The Samburu people are an ethnic group from central Kenya, cousins to the better known Maasai tribe of southern Kenya. The Samburu are also known as the Butterfly People due to the bright red colours, beaded necklaces, bracelets & earrings they adorn themselves with. They wear traditional clothing made from woven fabrics, animal skins, and beads. The Samburu are semi-nomadic pastoralists who keep and raise livestock such as cattle, sheep, goats, camels and donkeys. Adult men care for the grazing cattle whilst women milk the cows, collect water and gather firewood. Their staple foods are milk, maize and cow’s blood. It is believed that the Elders have mystical knowledge of seasons so can determine times of drought or rain, and when to engage in rituals. 

Snaking through the rugged landscape of the Samburu people is the Ewaso Nyiro River, a key part of their celebrations this year. ‘Munget Lemouyo’ is a Samburu ceremony which observes the transition of males from a Junior Elder to Senior Age Class. Aged 14, this is a celebration of the warriors ‘coming of age’ after circumcision. This ceremony only occurs  once every seven years and takes place towards the end of August. A further six years after this important celebration is the Moran Graduation Ceremony which initiates becoming an Elder and therefore the ability to marry in the community. Traditional Samburu dancing will happen for many weeks in advance of the celebrations, as warriors prepare for the main ceremony at the end August, where they are identified as a future head of the tribe and a family man; becoming committed to upholding the security of their community. Karisia Walking Safaris operate their walking safaris through Samburu country and have a close connection with the Samburu people, employing most of their guides and staff from local communities. They have been honoured with an invitation to participate in this year’s events and are offering guests the chance to engage in the experience which brings thousands of Samburu men, women and children together to dance, feast and celebrate this momentous occasion. Karisia’s mobile camp will be based at a scenic spot on the lower Ewaso Nyiro River in the heart of Samburu country, and guests are guaranteed a unique and rewarding experience.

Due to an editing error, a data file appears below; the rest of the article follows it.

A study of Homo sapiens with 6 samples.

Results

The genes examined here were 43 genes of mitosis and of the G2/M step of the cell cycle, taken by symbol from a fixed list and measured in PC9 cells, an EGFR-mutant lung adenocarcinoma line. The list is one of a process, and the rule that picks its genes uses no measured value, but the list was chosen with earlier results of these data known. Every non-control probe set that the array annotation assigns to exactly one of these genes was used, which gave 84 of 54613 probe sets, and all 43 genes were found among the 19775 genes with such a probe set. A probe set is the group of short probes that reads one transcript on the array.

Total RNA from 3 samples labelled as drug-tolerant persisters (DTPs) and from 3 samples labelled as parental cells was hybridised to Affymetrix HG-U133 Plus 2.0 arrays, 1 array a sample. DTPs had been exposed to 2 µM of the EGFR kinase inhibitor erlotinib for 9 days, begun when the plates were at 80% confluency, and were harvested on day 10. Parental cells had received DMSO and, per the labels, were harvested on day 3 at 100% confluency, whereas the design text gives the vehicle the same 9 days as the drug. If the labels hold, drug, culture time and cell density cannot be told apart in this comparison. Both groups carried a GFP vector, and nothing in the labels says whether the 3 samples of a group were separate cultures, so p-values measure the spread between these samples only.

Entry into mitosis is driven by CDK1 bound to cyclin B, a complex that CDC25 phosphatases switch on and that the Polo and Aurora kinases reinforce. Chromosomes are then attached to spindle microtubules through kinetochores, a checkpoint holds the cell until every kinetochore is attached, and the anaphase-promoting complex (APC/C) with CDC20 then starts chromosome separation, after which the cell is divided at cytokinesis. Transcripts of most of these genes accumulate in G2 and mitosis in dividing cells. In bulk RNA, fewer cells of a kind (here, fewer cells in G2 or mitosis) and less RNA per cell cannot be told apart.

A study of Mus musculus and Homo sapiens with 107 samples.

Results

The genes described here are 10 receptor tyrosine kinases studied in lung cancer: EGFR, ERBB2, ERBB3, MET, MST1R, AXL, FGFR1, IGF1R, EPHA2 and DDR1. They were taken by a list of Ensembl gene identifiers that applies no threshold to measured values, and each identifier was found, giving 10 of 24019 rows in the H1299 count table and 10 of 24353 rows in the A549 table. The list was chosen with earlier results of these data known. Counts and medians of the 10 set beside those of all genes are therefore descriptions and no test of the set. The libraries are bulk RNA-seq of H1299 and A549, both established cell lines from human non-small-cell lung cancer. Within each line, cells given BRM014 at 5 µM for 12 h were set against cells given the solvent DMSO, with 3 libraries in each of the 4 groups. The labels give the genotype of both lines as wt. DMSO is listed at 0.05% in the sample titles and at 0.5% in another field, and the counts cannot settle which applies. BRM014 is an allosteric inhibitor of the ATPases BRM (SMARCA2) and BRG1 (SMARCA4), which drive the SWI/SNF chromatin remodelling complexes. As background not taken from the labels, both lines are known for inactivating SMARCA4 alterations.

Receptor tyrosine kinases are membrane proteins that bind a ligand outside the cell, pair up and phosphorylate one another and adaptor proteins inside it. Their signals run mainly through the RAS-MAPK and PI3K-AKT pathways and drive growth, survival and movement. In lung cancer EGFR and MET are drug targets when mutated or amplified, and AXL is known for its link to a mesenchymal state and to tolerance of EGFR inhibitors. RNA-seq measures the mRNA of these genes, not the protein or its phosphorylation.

Laikipia region of central Kenya, Kenya and specialise in walking safaris throughout Northern Kenya which are accompanied by camels, to help carry the load. All walks are guided by Laikipia Maasai and Samburu guides who are local to this part of Kenya.  Ranging from Classic to Luxury safaris, Karisia can offer itineraries for any number of days to accommodate any fitness or wildlife interest level. Their base camp is Tumaren Camp, where you can find yourself watching baboons resting on the Nayasura rocks and see oryx,  zebra and Grant’s gazelles on the large plains in front of camp.

Whilst walking is the main focus at Tumaren, limited game driving is also possible. Away from their base, Karisia offer total flexibility in terms of their itineraries, with walking as the prime focus. A walking safari is great for those who wish to explore the bush on foot – letting you interact with nature in ways that are just not possible from inside a 4×4 vehicle such as tracking animals or learning more about the ecology, world of tiny insects or the many species of birds.